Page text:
I've been covering New Orleans and the Gulf Coast on a regular basis since Katrina. That's about 19 months. Whenever one of my stories makes Nightly, I get two very different reactions. Locally, people say "Thank you" to me and NBC for continuing to keep the city's plight before the eyes of the nation... from that nation I get, "Enough already! I am sick of hearing about New Orleans!"
Outside New Orleans the rest of the country has Katrina fatigue. Understandable, but if you think you're sick of it, then you can just imagine how the folks here are sick of living it. But there is little choice. Moving is not an option when you can't sell a house that's gone and still have to pay the bank back.
Experts here say instead of thinking of New Orleans as a national pain in the backside, Americans should realize there are great lessons to be learned, because it could happen somewhere else. If not a hurricane into a major city, how about an earthquake, or a massive terrorist attack that leaves a city and its society in ruins?
That said, tonight's lesson is health care. It's the current crisis in the Big Easy. Patients can wait up to eight hours in an emergency room to see a doctor. Ambulances sit parked at ER entrances unable to offload their latest case, and unavailable for another emergency run. In hallways and emergency rooms, patients lie on gurneys sometimes for days waiting for a hospital room to open.
What's the cause? Like most crises, it's not one big thing but the snow-balling impact of a number of little ones. Before Katrina metro New Orleans had 15 hospitals. Today only 10 have reopened. Before Katrina the city had 2,800 hospital beds. Today it has 635.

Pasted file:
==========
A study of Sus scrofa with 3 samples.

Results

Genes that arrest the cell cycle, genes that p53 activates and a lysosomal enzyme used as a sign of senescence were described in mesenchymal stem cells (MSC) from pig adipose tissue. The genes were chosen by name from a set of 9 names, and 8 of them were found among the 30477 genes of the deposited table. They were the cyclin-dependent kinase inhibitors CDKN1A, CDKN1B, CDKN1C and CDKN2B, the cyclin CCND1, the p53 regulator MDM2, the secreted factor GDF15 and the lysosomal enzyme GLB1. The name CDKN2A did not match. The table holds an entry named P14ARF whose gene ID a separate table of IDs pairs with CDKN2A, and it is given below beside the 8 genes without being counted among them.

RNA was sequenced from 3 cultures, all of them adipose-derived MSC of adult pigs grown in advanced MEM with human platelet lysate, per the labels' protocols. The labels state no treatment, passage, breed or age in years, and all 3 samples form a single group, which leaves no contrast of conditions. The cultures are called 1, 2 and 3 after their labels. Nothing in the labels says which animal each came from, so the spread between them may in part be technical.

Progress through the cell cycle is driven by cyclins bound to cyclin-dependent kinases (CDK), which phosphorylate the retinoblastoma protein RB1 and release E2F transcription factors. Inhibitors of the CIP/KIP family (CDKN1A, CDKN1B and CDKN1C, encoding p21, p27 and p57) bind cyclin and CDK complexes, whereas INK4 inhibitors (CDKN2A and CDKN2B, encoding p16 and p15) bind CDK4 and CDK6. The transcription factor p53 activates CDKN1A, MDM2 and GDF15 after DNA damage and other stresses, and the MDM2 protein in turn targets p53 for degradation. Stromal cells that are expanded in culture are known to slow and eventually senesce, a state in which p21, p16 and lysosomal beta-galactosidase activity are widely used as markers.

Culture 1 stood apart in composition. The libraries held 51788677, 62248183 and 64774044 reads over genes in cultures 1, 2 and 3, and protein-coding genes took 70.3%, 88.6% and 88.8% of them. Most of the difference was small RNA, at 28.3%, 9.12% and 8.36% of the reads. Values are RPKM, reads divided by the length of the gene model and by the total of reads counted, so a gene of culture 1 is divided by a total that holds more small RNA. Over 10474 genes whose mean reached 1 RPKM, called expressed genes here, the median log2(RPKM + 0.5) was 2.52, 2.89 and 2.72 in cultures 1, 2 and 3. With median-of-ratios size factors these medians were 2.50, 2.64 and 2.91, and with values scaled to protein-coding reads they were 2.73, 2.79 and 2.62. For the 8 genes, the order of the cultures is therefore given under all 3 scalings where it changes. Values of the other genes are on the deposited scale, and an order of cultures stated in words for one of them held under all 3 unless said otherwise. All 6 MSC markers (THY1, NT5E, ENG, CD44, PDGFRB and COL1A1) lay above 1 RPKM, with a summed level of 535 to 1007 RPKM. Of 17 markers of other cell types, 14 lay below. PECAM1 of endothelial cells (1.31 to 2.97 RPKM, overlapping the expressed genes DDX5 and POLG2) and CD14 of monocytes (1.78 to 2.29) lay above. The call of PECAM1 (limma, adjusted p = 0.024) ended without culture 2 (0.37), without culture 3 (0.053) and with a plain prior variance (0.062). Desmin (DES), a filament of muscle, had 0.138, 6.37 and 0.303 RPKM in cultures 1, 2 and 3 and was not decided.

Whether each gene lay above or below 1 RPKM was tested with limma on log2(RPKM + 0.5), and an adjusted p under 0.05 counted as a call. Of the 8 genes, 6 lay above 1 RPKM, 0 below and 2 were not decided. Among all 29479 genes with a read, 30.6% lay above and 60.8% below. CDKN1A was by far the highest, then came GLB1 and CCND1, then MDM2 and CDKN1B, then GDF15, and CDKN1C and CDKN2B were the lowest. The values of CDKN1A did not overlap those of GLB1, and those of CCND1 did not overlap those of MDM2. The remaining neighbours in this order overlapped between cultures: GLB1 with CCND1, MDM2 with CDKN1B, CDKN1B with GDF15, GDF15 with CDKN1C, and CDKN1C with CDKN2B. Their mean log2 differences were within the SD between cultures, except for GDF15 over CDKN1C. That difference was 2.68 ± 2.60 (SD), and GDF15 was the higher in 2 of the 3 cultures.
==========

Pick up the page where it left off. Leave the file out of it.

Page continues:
But those numbers don't tell the whole story. As Mike Hulefield, chief operating officer at Ochsner Medical Center puts it, "The biggest challenge is not physical capacity, it's human capacity."
What he means is in addition to the lack of buildings and beds, staff is bleeding away. Many are themselves fed up with the daily struggles of life in this city. New Orleans before the storm had about 4,000 doctors. Now it's down to 1,900. In even shorter supply are nurses. There is a shortage nationwide so those that were here have been lured away to other cities where the infrastructure works, the schools are better and the hospitals can afford to pay more. Recruiting people to take their place is hard, because affordable housing is in short supply, the schools are weak and many worry about crime.
So health centers here are recruiting overseas in the Philippines and India -- importing their staffs. But that is an expensive and short-term solution and money is another thing in short supply.
"In Orleans Parish prior to the storm, it was somewhere around 40 percent of our population was uninsured." says Dr. Kevin Jordan, chief medical officer at Touro Infirmary. "That percentage is at least 50-52 percent now."
Part of the reason for the rise of the uninsured is the post-Katrina economic downturn. Jobs were wiped out and with them health-care benefits. So with nowhere to go, the uninsured join the lines at the area's remaining emergency rooms, which are obligated to care for all patients. But the uninsured drain away money that hospitals need to pay for more beds, more doctors and more nurses.
We asked Dr. Jordan of Touro Infirmary what he would say to America if he could.
"Be very careful, because what happened here could happen to any community at any given time, given any natural disaster or given any kind of interruption in what they consider their daily lives," he said. This could be your future if in fact you're not prepared for it."
New Orleans has lots to teach, as long as everyone else isn't sick of listening.